Gomez doesn’t have the big-screen pop of, say, Emma Stone, but she’s thoroughly convincing as both a small-town dreamer and a world-weary gorgon

“Monte Carlo” could have been a fizzy farce about a trio of Texas gals on a romp through the playground of European aristrocracy thanks to a case of mistaken identity, or a sweet and heartfelt tale of three young women getting to know each other and themselves during a Summer That Changed Everything. Where the film disappoints is in trying to be both.

Apple-cheeked Bieber-squeeze Selena Gomez stars as Grace – and with a name like that, you know she’s Monaco-bound – a small-town waitress who’s been saving up to go to Paris after her high school graduation.

With best pal Emma (Katie Cassidy) and wet-blanket stepsister Meg (Leighton Meester) in tow, the three of them go on one of those package tours where the guide says things like, “On your left…was Notre Dame” on the way to a 20-minute visit to the Louvre.

Our heroines get separated from their group, and Grace gets mistaken for international celebutante and troublemaker Cordelia Winthrop Scott (also Gomez, playing rich-bitch with relish), and when Cordelia flakes on a trip to Monte Carlo for a charity auction, Emma convinces Grace to pretend to be her.

The set-up and the climax of these farcical shenanigans have a goosey lift, and director Thomas Bezucha (who made the lovely gay romance “Big Eden” and the decidedly less adorable “The Family Stone”) slams doors and hides valuable necklaces with aplomb. But “Monte Carlo” has bigger chick-lit (it’s based on Jules Bass’ novel “Headhunters”) fish to fry, so we have to see pouty Meg get over the death of her mother thanks to a romance with a free-spirited Aussie rugby player (Luke Bracey), while Emma learns that cruel Eurotrash hunks are no match for her hometown honey (“Glee” star Cory Monteith).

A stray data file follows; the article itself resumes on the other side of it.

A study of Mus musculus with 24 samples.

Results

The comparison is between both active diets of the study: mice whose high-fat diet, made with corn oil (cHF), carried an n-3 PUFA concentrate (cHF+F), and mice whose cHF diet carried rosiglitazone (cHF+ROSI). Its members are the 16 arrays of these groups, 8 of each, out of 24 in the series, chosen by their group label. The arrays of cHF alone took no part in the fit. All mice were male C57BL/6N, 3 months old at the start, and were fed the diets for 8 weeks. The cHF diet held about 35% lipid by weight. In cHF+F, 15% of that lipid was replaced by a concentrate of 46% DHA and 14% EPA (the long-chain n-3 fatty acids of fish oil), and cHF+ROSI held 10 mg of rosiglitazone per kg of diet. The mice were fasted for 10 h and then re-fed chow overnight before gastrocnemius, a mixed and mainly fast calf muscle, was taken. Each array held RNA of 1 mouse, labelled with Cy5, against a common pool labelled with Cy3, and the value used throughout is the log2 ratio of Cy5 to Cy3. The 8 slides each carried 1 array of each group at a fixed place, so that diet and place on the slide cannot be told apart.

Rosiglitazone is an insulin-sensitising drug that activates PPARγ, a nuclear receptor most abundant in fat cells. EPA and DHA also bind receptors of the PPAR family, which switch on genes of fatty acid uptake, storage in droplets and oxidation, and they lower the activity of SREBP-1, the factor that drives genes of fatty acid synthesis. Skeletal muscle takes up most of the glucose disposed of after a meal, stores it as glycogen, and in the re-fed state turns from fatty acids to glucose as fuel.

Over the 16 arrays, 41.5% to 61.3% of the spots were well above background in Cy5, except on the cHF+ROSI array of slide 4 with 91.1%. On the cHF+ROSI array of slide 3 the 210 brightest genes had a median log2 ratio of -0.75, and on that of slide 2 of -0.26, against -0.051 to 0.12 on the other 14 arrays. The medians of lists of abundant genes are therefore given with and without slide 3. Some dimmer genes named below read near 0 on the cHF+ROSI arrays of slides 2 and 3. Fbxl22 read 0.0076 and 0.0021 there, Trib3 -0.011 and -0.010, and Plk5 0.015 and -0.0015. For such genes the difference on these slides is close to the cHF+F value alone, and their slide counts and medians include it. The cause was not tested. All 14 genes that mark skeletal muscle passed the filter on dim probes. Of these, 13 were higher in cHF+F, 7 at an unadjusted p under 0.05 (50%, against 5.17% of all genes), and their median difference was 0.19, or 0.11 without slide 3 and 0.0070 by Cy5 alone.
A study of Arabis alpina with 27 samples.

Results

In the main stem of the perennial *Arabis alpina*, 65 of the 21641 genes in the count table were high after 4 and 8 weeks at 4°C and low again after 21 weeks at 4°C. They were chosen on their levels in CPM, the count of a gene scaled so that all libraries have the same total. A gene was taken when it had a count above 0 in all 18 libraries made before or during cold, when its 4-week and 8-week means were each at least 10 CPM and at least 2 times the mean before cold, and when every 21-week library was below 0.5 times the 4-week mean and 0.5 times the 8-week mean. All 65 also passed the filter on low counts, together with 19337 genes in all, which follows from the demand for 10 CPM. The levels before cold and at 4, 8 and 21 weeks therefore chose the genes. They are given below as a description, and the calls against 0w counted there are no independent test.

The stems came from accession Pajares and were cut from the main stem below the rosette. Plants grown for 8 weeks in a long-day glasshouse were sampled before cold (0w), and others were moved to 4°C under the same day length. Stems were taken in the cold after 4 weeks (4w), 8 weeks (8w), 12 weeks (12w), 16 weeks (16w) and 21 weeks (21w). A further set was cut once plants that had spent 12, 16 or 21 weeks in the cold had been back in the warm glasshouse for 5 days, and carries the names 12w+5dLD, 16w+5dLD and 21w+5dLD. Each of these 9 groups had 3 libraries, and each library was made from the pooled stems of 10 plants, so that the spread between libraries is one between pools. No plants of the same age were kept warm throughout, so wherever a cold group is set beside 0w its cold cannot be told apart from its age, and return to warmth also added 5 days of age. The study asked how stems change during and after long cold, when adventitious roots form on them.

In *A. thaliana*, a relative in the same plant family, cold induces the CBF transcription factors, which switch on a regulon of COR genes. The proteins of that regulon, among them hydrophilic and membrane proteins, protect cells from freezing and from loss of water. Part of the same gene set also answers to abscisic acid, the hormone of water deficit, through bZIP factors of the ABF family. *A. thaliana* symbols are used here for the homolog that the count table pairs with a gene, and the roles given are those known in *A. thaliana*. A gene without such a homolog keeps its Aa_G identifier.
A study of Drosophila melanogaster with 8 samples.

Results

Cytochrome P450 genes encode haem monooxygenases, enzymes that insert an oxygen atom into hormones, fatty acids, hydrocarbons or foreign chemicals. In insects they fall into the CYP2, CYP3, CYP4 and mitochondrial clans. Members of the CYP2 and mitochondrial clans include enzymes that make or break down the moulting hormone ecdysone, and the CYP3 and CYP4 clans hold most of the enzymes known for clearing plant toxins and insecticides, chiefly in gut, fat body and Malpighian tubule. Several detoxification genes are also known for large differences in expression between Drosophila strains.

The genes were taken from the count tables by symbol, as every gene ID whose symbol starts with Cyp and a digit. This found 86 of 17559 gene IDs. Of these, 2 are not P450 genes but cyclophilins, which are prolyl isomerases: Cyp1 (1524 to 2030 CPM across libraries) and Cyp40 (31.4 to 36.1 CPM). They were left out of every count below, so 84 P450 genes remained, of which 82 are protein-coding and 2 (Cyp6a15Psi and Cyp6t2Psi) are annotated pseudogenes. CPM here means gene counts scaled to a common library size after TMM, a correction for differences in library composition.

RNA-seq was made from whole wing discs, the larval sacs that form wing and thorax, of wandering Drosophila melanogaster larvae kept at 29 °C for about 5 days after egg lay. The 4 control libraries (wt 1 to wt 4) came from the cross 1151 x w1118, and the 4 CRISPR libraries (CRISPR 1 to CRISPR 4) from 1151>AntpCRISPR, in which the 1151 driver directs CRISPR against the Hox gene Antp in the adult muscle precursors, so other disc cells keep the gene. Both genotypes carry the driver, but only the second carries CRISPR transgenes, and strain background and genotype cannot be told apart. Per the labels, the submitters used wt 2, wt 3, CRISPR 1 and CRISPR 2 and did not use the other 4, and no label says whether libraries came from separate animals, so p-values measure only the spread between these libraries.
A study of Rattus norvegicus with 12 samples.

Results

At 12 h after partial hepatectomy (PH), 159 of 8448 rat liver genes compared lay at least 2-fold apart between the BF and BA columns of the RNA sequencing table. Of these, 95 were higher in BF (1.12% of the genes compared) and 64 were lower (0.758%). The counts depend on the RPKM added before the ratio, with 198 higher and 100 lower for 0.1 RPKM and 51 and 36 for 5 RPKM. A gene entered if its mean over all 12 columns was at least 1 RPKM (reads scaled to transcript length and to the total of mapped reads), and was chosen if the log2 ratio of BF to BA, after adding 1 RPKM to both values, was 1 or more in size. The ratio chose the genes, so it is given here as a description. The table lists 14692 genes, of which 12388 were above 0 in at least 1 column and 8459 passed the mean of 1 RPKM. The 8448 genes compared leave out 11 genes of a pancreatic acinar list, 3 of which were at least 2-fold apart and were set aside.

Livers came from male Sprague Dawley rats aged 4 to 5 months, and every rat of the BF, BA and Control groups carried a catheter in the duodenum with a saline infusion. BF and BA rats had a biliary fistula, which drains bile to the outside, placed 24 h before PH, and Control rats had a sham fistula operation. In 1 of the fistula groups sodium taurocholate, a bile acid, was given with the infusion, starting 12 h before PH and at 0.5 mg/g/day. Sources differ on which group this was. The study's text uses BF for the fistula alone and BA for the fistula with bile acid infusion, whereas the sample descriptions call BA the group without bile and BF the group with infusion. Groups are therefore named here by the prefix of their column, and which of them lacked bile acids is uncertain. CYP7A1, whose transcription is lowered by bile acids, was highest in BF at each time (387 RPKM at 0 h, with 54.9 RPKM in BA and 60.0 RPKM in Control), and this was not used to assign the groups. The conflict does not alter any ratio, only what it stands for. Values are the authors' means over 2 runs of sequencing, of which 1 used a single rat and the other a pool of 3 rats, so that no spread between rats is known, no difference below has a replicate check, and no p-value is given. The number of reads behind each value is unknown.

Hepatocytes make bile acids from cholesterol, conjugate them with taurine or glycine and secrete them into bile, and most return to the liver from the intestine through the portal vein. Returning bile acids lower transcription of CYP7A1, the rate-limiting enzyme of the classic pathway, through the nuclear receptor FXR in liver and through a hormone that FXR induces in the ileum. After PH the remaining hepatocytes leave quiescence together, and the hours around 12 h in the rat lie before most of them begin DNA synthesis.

Gomez doesn’t have the big-screen pop of, say, Emma Stone, but she’s thoroughly convincing as both a small-town dreamer and a world-weary gorgon. Cassidy, when dressed up in the film’s finery, has a distinctly ’80s look – picture Susan Blakeley guest-starring on “Dynasty” – while Meester’s permanent look of constipation fits the dreary Meg just perfectly. It’s too bad that talented British comic Catherine Tate has little to do here but literally keep the plot afloat as Cordelia’s posh aunt.

Teen girls who want a vicarious overseas jaunt are advised to follow Emma’s lead in one scene of “Monte Carlo” and watch “To Catch a Thief” instead.